Genre Genre Genre

Down on the Border

T. Jefferson Parker sets Iron River on the U.S.-Mexico border, where the guns flow freely south.

Book Cover Thomas Jefferson Parker has done well in the crime-story world, having written 16 well-received novels. The last two (LA Outlaws, The Renegades) featured LA Sheriff’s Department deputy Charlie Hood and the legend of a 19th-century Mexican outlaw Joaquin Murrieta, aka El Famoso. His newest opus, Iron River (Dutton), also features Hood, this time on loan to the Bureau of Alcohol, Tobacco, Firearms, and Explosives (ATFE) as the U.S. government attempts to staunch the border shared with Mexico—the book’s title taken from the relentless flow of arms and munitions in the border locale.

The teenage son of Benjamin Armenta, drug cartel head, is accidentally killed in an ATFE taskforce operation. Armenta swears vengeance on those involved and soon has the Zetas, his army of killers, kidnap an American agent. The Zetas are feared for their merciless bloodlust (they behead and mutilate their victims—men, women, and children) and even after the American agent is recovered they storm a hospital to recapture him. In the meantime a young and innovative gun manufacturer has made a deal with another narcotraficante head to produce 1000 pistols of a new and effective model. Complicating this narrative is Mike Finnegan, who miraculously survives being struck by a Mercury traveling at 60 miles per hour. Finnegan seems to know about all the goings on that Charlie Hood is involved in but can’t explain how. Therein lies the one mystery of this nimble procedural.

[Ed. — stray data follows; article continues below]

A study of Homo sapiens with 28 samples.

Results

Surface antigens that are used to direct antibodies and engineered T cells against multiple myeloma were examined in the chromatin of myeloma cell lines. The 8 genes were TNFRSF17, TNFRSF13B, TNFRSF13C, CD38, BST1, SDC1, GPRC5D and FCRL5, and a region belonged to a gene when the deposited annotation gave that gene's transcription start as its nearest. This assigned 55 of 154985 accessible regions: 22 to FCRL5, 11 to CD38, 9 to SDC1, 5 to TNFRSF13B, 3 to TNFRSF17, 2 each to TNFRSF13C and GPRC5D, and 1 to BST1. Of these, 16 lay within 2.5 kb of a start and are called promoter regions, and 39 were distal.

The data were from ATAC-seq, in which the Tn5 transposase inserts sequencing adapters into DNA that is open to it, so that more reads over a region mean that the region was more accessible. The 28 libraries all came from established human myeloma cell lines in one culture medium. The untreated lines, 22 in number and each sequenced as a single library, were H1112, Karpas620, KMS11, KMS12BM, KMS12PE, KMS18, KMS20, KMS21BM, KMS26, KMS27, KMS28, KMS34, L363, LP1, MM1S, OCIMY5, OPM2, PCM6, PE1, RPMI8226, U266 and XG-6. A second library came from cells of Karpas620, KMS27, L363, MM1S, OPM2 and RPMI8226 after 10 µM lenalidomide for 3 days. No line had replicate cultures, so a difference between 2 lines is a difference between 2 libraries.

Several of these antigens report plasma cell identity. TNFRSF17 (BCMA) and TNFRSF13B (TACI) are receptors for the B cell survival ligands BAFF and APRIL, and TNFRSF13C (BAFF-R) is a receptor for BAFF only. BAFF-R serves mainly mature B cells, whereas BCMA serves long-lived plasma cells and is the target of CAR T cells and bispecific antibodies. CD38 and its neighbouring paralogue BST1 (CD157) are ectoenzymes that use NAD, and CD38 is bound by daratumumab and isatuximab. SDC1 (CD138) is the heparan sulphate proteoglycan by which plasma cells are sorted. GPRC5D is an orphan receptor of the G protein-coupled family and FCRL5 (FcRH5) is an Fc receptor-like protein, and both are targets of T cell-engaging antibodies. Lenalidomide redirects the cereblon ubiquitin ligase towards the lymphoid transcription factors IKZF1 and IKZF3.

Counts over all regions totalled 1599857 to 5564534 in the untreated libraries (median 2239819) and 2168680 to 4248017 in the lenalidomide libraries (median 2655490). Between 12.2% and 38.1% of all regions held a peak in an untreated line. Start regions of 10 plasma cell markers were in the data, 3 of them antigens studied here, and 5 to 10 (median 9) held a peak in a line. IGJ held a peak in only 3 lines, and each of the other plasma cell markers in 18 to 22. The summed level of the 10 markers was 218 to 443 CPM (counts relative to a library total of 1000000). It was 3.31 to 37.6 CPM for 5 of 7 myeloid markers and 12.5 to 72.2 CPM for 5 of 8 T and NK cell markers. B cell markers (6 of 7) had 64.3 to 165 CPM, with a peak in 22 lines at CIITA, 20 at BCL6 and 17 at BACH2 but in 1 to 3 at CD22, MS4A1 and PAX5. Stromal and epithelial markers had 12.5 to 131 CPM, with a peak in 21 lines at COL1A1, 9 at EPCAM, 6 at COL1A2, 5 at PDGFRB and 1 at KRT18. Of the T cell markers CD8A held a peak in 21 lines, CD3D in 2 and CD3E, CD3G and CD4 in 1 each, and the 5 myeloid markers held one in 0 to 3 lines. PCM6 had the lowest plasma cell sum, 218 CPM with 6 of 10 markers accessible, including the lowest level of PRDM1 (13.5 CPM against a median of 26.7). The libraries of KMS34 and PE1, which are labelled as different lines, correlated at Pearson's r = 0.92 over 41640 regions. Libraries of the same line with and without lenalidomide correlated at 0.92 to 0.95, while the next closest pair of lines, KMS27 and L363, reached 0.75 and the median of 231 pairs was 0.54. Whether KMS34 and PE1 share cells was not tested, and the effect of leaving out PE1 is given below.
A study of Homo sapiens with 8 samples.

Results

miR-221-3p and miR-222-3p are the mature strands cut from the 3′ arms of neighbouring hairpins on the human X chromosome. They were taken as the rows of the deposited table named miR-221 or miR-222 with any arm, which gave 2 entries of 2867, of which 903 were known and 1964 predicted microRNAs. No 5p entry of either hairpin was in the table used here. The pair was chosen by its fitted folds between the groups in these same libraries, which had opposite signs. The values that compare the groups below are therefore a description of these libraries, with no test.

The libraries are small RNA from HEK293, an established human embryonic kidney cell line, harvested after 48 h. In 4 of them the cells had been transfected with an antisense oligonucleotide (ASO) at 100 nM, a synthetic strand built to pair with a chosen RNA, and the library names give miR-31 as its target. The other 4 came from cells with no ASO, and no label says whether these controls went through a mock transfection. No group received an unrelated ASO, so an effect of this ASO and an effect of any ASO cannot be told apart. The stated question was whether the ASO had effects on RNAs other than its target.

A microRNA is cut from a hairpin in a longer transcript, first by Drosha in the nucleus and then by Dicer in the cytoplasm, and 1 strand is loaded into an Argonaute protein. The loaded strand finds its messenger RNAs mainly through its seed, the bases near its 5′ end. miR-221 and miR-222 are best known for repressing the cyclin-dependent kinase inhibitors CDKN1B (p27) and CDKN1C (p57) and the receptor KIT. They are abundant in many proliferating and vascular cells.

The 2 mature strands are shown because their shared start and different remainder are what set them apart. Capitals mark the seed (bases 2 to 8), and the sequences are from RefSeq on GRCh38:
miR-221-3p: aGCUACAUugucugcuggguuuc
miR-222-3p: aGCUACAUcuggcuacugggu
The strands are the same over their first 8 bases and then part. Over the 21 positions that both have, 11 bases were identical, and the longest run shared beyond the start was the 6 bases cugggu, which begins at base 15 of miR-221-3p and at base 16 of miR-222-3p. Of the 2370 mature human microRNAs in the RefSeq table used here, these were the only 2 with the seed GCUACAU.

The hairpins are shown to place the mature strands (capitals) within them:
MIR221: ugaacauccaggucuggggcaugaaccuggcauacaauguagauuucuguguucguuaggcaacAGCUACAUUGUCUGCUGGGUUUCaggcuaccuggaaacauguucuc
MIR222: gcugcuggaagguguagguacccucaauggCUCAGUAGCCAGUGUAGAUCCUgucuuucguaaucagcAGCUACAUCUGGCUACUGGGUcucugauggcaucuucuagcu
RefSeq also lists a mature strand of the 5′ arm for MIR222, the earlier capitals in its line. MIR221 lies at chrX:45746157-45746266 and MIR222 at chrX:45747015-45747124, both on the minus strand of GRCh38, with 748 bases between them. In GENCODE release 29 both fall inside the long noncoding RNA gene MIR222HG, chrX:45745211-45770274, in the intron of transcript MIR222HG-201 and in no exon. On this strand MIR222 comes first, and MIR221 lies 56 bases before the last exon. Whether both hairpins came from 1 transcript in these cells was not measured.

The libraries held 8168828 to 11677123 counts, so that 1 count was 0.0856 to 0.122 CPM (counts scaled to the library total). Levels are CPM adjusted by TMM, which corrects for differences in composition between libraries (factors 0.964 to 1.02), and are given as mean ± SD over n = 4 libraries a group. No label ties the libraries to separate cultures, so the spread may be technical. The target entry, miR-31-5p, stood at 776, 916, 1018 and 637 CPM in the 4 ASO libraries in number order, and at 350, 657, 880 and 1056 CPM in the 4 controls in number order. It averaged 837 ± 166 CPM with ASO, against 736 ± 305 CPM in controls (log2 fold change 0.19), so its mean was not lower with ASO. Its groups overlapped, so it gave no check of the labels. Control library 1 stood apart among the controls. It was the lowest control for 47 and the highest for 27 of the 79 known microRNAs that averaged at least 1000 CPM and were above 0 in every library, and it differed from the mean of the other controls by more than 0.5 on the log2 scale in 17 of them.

Although I am not fond of crime-story series, Jefferson has managed to avoid many of there pitfalls by making the narrative dependent on the setting and circumstances and not so much on Charley Hood’s point of view and idiosyncrasies. It’s a trade-off that works as Iron River mirrors with great verisimilitude the volatile situation in the southern borderlands.


In fact, with the Chandler estate’s encouragement, Parker undertook to complete Chandler’s unfinished manuscript Poodle Springs (made into a less-than-stirring film with James Caan as Marlowe). Personally my favorite of Parker’s novels is a standalone, All Our Yesterdays, a multi-generational epic set in Boston.

It seems odd to say of an author with an extensive oeuvre that “he will be missed,” but Parker and his wife Joan (the basis for his Spenser character Susan Silverman) were fixtures in Boston’s social scene (such as it is).